With the exception of a few pictures I lost everything I own: decades of family photos, heirlooms, and writings--- yet I cope. I take on one battle after another. I learn from my mistakes and try to make my third- world country existence seem like a season of Survival. This perhaps is my strategy and so far it has kept me from crumbling under the weight.
But the battle of depression is no easy task and blindsides me every time. Of course I want to live. I am making plans to work out of my circumstances, rebuild my life and live a mainstream life again. But as is the nature of depression, I know that the longer that I am without my medication, feelings of guilt and past regrets will begin to fill my mind. Suicidal ideations will cloud my thinking. I will be less able to advocate for myself and will begin to imagine ways to die.
Despite my positive outlook on the future of ending homelessness, today is a day that I want to “throw in the towel.” I want to go onto my social media page and tell the world that I have given up. Not because of my housing circumstances, but because at this moment I have been without my medication for more than a month and the symptoms of depression are creeping up on me.
I am dumbfounded as to why members of the professional community don’t get this. Why they fail to treat depression with the urgency that it deserves. In this group I include pharmacists, emergency care workers, social workers, and on. If I went to any one of these professionals today, not one would be able to guarantee me the medication that I am needing to survive. Not one of them could ensure that the missing chemicals that my brain is missing will be restored in time to save me.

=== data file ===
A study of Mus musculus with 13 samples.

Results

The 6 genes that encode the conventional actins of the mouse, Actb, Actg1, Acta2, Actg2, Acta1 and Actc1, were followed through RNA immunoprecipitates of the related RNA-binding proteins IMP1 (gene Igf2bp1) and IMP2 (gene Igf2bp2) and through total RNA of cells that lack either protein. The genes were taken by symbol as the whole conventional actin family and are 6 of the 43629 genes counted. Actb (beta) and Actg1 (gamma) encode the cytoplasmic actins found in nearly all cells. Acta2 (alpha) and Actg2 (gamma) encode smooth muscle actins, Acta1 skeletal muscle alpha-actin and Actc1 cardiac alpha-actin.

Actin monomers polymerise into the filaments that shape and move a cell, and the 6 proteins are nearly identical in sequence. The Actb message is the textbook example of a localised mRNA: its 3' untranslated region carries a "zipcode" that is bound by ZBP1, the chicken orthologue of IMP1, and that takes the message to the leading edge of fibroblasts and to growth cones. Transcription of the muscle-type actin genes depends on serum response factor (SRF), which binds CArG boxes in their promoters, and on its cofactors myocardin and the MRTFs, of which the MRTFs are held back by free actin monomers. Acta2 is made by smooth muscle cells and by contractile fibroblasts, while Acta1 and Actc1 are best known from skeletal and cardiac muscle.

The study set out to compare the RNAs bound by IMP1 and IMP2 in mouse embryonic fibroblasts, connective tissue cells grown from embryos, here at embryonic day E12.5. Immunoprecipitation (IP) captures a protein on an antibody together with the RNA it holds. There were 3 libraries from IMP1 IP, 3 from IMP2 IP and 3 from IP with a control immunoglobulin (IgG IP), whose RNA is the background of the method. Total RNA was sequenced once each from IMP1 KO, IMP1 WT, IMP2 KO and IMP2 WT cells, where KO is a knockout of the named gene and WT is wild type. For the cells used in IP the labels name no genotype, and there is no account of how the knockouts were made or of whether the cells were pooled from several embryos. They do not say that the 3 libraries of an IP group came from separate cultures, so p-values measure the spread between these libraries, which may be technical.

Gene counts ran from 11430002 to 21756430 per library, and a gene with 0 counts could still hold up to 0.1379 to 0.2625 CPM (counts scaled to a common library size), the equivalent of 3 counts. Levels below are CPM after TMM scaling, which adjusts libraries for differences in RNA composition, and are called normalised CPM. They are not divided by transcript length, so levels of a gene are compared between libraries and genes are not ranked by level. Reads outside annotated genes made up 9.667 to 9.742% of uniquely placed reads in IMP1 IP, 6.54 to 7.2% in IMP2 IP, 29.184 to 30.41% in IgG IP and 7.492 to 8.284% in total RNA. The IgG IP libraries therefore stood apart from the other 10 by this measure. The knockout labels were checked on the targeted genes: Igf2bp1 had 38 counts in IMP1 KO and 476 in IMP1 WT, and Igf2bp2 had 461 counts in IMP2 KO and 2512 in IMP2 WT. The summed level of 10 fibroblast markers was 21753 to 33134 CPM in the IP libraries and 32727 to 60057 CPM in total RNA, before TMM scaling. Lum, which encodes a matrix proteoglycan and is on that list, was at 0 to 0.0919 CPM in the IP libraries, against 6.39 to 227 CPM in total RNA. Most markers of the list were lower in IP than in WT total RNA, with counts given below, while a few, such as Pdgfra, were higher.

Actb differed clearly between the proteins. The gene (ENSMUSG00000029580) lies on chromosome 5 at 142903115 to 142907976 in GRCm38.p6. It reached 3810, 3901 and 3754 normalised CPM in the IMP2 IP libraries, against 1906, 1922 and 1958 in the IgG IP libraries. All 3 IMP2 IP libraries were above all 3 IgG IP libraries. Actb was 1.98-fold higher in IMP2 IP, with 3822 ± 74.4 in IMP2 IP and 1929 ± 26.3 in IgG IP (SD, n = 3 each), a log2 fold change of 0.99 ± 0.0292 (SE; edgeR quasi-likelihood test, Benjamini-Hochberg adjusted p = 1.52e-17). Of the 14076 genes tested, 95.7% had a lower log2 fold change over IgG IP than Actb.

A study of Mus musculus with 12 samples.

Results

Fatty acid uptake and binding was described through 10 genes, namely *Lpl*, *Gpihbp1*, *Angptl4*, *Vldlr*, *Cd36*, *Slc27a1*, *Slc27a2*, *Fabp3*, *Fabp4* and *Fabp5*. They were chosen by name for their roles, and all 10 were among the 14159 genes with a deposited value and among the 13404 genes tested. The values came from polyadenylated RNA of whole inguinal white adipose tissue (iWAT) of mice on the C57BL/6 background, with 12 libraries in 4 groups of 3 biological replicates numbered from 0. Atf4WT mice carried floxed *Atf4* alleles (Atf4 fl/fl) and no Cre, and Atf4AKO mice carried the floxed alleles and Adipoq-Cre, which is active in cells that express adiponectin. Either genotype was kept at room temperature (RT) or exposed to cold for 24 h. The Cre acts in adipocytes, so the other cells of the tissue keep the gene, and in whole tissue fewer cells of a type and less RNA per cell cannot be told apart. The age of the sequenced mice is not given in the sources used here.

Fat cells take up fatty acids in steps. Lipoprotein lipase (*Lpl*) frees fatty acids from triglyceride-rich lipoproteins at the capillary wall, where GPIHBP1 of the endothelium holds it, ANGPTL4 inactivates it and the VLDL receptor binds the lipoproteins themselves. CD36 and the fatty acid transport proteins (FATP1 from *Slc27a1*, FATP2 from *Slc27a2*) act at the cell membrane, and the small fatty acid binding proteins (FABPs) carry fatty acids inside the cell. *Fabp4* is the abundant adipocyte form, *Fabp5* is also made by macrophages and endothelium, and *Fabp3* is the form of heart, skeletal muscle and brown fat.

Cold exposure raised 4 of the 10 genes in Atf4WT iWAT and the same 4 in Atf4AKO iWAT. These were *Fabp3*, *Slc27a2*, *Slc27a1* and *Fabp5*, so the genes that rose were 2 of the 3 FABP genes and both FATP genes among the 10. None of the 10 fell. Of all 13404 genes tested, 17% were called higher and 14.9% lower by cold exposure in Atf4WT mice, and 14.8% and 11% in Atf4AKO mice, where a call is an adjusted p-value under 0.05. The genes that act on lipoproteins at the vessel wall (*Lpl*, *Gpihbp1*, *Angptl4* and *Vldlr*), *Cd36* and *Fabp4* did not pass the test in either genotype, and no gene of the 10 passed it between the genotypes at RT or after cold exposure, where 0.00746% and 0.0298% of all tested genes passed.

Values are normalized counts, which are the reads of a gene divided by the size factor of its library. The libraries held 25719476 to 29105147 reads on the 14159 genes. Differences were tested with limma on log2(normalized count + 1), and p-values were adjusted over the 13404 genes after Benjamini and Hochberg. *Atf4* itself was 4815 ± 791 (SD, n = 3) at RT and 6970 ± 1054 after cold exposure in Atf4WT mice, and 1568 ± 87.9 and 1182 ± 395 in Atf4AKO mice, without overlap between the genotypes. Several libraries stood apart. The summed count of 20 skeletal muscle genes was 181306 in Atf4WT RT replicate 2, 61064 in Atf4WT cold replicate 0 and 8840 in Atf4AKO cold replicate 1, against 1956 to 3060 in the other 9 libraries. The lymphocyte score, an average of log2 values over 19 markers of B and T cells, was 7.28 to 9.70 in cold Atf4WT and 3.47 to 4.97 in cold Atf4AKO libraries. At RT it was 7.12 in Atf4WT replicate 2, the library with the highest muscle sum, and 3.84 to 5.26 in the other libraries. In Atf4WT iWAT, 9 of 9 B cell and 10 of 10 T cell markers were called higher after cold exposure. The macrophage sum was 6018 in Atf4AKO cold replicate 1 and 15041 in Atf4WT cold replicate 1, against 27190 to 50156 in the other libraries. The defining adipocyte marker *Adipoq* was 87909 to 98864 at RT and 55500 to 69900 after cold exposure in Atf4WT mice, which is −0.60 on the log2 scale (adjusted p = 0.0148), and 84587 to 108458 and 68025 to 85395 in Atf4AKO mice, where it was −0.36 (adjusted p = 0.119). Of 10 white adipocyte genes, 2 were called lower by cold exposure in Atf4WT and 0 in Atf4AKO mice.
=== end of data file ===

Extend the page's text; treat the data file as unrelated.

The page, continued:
Each time I have been in this situation, I have let some professional know that I suffer from major depression. The psychiatric emergency staff at the University Of Michigan hospital tells me that they don’t fill prescriptions. The pharmacist tells me that he is not responsible for my copays or lack of insurance. The social worker at the Michigan Department of Human Services has no appointments available to help me get on some type of insurance and my mention of needing medication for major depression gives me no priority or a reason to return my call. There are no friends or family that I can call on who has enough cash to get me a thirty-day supply of medication.
As I work my way through this maze, I think about Robin Williams again. I know that everyone desires to live. I try to imagine what impediments denied him the treatment he needed to survive. Although prescription affordability is an issue for those of us experiencing poverty, it is only one of the reasons why symptoms go untreated.
We live in a world where mental illness is still considered taboo. Our society is still slow about naming depression as a life threatening disease that requires constant monitoring and treatment like any other chronic ailment. We still drag our feet in getting the word out that depression affects people from all walks of life and can cripple even the best.
While we live in a world where twenty-first century treatment in medication for mental illness is more advanced than ever, stereotypes, bureaucracy, and ignorance keeps treatment inaccessible to many of us when we need it.
The real tragedy of Robin Williams is that probably less than a percent of the throngs who mourn him would even bother to understand the symptoms of this common disease. Had anyone in his immediate life understood the warning signs, he might still be alive. Unfortunately, as I write this, there is no one in my surroundings that will feel the urgency of my plight. I will continue to fight as I always have and pray for myself that I will win another battle in this ongoing war against major depression.